The post was originally published on the Biochemical Society blog on 1 July 2015.
Even though I started working as a Science Policy Assistant at the Biochemical Society and the Society of Biology less than a month ago, a lot has happened, and all of it very exciting. One might wonder how this joint position works (in the beginning so did I!)
The Biochemical Society channels its policy work through the (soon to be Royal) Society of Biology, therefore it is useful for the both organisations to have one person who coordinate the joint policy work.
One of the most memorable moments so far has been the Parliamentary Links Day. Every year the Society of Biology organises this event to strengthen the communication between Parliament and the science and engineering community. To add extra sparkle to this year’s event it happened to also be Women in Engineering Day!
The theme for this year’s event was “Science and the New Government”, with a focus on exploring current science priorities, government plans for science and identifying effective ways to work together to achieve those goals. The Minister for Universities and Science, Jo Johnson MP, addressed over 200 MPs and representatives from the science community and highlighted the importance of science to the new government. Key priorities include facilitating collaboration between universities and businesses to ensure that the UK nurtures the best scientific talent in the world and that they can continue to inspire others to pursue science and engineering careers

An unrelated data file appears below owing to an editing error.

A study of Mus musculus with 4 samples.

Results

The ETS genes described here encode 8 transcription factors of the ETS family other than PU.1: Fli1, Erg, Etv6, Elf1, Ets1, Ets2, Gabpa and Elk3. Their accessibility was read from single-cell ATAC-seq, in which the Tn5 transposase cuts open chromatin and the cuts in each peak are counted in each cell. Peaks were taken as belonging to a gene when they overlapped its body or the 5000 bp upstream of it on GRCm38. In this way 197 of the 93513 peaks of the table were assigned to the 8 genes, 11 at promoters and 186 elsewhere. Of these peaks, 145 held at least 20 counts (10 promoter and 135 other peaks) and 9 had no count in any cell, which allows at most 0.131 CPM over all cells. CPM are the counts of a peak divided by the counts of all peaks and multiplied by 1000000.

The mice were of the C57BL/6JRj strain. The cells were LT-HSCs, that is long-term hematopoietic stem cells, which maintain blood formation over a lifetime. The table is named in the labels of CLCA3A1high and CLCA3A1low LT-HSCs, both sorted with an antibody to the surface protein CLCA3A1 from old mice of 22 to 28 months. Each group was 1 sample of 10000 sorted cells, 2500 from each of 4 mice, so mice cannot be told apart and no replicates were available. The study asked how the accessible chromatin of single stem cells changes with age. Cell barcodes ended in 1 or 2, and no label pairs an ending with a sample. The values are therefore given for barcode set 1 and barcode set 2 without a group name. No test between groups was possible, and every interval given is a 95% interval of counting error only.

Some issues, such as funding, will never leave the discussion table. And they shouldn’t. Jo Johnson MP welcomed the fact that there was strong cross party consensus for investment in science and reiterated the Government’s commitment to investing £6.9bn in science infrastructure capital by 2021.
In addition to the Minister, the speakers included Naomi Weir (Campaign for Science and Engineering), Nicola Blackwood MP (chair of the Commons Science and Technology Select Committee), Dr Chris Tyler (Parliamentary Office of Science and Technology) and Sir Venki Ramakrishnan (President Elect of the Royal Society), among others. A diverse range of speakers covered a great deal of ground – from science funding and the productivity crisis to diversity and the importance of supporting international talent.
Speakers and audience alike agreed on the fact that science should not be perceived as a niche area, instead, academic, enterprise and technological advances in STEM should go side by side.
Nicola Blackwood MP, the first female to be elected as the chair of the Commons Science and Technology Select Committee, urged the science community to make the non-scientists feel welcome and stressed the importance of collaboration and engagement between the Parliament and the scientific community. The Biochemical Society supports the promotion of diversity and inclusion in science through various activities and grants.
EU funding, immigration and diversity attracted a lot of attention during the day. Dame Jocelyn Bell Burnell from the Royal Society of Edinburgh, stated that EU funding is crucial to UK science and this comment received a round of applause from the audience.
During the final remarks of the event, Sir Venki Ramakrishnan, President Elect of the Royal Society, said that we should be as proud of UK science as we are of Shakespeare or the Magna Carta. I think that statement brought home a sense of pride in each of us.
This year’s Parliamentary Links Day was another great success, helping to lay the foundations for a close working relationship between new parliamentarians and the science community.
Don’t forget to check out Storify – it’s been a busy day tweeting!